It wasn't first quarter
earnings results that lead to Phil White's abrupt resignation from his post as president, CEO and chairman of Informix Software Inc. No, industry insiders sayoand subsequent reports indicateothe trouble began in quarters prior when senior management played a little numbers game that boosted revenue figures. "It was not in fact one bad quarter," says Andrew Brosseau, director of research for Boston-based Cowen & Co, "but in fact several bad quarters that were hidden. They recognized revenues for products that were put into the channel that had not sold through yet, and (they) did not disclose that."
While such questionable practices don't violate Generally Accepted Accounting Procedures (GAAP), when word of Informix's accounting deeds leaked out, Wall Street turned its back. "Senior management lost all credibility," says Brosseau. This could also suggest why one Informix CFO reportedly left the company after only three months.
Taking White's place is Bob Finocchio, former president of 3Com. Though analysts tracking 3Com were surprised by Finocchio's move, his sterling reputation on the Street and the company's stellar performance certainly explains why Informix wooed him for the top slot. Informix was unavailable for comment.
Climbing its way back from oper-ations losses few industry analysts thought the company could conquer, Broadway & Seymour has logged two profitable quartersowithout the help of cash generated by off-loading its superfluous business units.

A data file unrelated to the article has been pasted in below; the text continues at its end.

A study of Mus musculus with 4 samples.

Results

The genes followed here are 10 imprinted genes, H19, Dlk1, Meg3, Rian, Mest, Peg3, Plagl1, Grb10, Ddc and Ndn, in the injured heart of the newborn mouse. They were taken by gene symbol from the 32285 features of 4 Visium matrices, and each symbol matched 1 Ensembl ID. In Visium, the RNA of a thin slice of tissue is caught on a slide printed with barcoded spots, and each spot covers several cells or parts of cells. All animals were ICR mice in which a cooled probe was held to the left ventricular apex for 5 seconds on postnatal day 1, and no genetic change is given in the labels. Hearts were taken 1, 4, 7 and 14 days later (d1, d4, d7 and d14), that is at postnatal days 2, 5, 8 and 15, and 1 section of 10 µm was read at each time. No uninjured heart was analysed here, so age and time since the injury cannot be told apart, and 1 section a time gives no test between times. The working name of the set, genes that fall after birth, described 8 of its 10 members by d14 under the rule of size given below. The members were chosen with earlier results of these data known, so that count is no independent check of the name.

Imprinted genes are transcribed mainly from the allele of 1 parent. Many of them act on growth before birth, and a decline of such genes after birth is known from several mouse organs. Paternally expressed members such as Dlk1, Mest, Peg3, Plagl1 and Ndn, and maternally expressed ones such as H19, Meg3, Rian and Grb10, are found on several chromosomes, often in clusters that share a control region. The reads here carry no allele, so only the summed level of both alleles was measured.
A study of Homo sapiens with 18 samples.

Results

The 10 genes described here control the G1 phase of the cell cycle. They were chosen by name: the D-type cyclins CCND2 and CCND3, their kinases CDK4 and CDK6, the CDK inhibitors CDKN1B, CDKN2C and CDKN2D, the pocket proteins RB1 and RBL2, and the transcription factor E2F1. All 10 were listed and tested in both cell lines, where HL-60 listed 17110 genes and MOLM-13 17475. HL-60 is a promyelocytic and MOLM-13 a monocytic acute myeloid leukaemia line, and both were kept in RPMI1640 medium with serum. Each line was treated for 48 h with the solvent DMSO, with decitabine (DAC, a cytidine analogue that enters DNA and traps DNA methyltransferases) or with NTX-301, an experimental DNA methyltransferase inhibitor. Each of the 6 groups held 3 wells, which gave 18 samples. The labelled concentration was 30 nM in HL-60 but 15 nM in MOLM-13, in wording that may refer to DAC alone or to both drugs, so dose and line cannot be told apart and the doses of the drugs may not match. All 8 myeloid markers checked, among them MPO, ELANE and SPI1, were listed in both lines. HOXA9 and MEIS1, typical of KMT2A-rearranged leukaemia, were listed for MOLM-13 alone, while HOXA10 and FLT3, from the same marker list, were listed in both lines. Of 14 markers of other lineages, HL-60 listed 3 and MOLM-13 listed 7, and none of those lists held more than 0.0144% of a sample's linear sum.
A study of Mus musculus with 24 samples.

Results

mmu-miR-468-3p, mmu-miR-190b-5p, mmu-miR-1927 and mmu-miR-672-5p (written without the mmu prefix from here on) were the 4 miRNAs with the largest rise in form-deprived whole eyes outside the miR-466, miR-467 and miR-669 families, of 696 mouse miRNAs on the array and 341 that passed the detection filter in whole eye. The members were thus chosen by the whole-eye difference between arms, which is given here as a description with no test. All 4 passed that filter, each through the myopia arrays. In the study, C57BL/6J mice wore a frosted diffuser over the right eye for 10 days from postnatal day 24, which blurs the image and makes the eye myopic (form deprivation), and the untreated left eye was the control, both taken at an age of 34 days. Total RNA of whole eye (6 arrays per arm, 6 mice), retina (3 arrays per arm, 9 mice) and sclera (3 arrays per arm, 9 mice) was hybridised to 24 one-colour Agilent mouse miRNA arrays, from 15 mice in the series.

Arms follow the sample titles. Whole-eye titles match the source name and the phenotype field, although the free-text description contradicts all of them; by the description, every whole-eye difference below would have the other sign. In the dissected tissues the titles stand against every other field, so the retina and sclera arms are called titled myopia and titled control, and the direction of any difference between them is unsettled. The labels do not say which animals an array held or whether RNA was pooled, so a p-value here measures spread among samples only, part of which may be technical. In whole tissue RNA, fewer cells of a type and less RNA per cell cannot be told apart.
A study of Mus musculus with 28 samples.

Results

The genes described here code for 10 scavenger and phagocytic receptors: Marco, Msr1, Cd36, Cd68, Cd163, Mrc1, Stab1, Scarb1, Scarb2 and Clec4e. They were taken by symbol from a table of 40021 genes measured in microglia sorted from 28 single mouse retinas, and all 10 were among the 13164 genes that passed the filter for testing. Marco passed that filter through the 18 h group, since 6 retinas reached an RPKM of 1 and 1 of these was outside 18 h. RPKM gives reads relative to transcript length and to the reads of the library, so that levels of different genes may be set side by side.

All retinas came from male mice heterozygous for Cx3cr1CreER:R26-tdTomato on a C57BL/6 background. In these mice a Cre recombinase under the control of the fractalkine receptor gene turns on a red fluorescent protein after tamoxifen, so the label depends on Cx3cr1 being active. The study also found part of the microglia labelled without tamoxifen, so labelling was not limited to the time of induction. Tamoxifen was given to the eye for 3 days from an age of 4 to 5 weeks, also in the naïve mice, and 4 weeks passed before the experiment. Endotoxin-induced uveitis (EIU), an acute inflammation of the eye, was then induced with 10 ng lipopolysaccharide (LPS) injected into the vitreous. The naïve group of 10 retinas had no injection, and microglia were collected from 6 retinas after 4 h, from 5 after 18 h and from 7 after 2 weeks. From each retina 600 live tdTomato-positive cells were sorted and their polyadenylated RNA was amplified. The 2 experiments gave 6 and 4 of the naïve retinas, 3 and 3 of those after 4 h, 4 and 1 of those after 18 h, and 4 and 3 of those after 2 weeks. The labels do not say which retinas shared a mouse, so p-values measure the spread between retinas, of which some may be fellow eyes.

Two years ago, Alan Stanford took over a company drowning in debt. Having lost its focus, Broadway & Seymour "was in markets that any one of which could have consumed the full energy of the company," says Stanford. That was then; now the only market Broadway remains in other than financial services is professional services, with a highly profitable legal support systems business. "It was too good to sell," says The Tower Group's Bob Landry.
Focusing on financial services, Broadway has invested significantly to regain the trust and support of customers it disappointed as well as those that wouldn't come near it. "We had a product that didn't even work very well that was in the marketplace. We committed to fix it. We lost a lot of money, but we said it will work and we will fix it. So (Crisp) works and is referenceable now."
And even though Broadway is on the road to recovery, it's not quite out of the woods yet, says Landry. "They have to continue to execute. Telling stories is easy; executing is hard."
Bankers need not be nostal- gic for the days when real estate deals were struck on the back of envelopes. These days, it's placemats, which is what Fair, Isaac & Co.'s Bob Heller used to pen the $46 million acquisition of Risk Management Technologies during an impromptu Thai dinner with Dave LaCross, the asset/liability systems provider's CEO.
Why make such a bold investment? The answer lies in future development. "First and foremost, the benefit is the possibility of putting credit risk and interest rate risk on the same analytical platform," says LaCross. "That's unprecedented."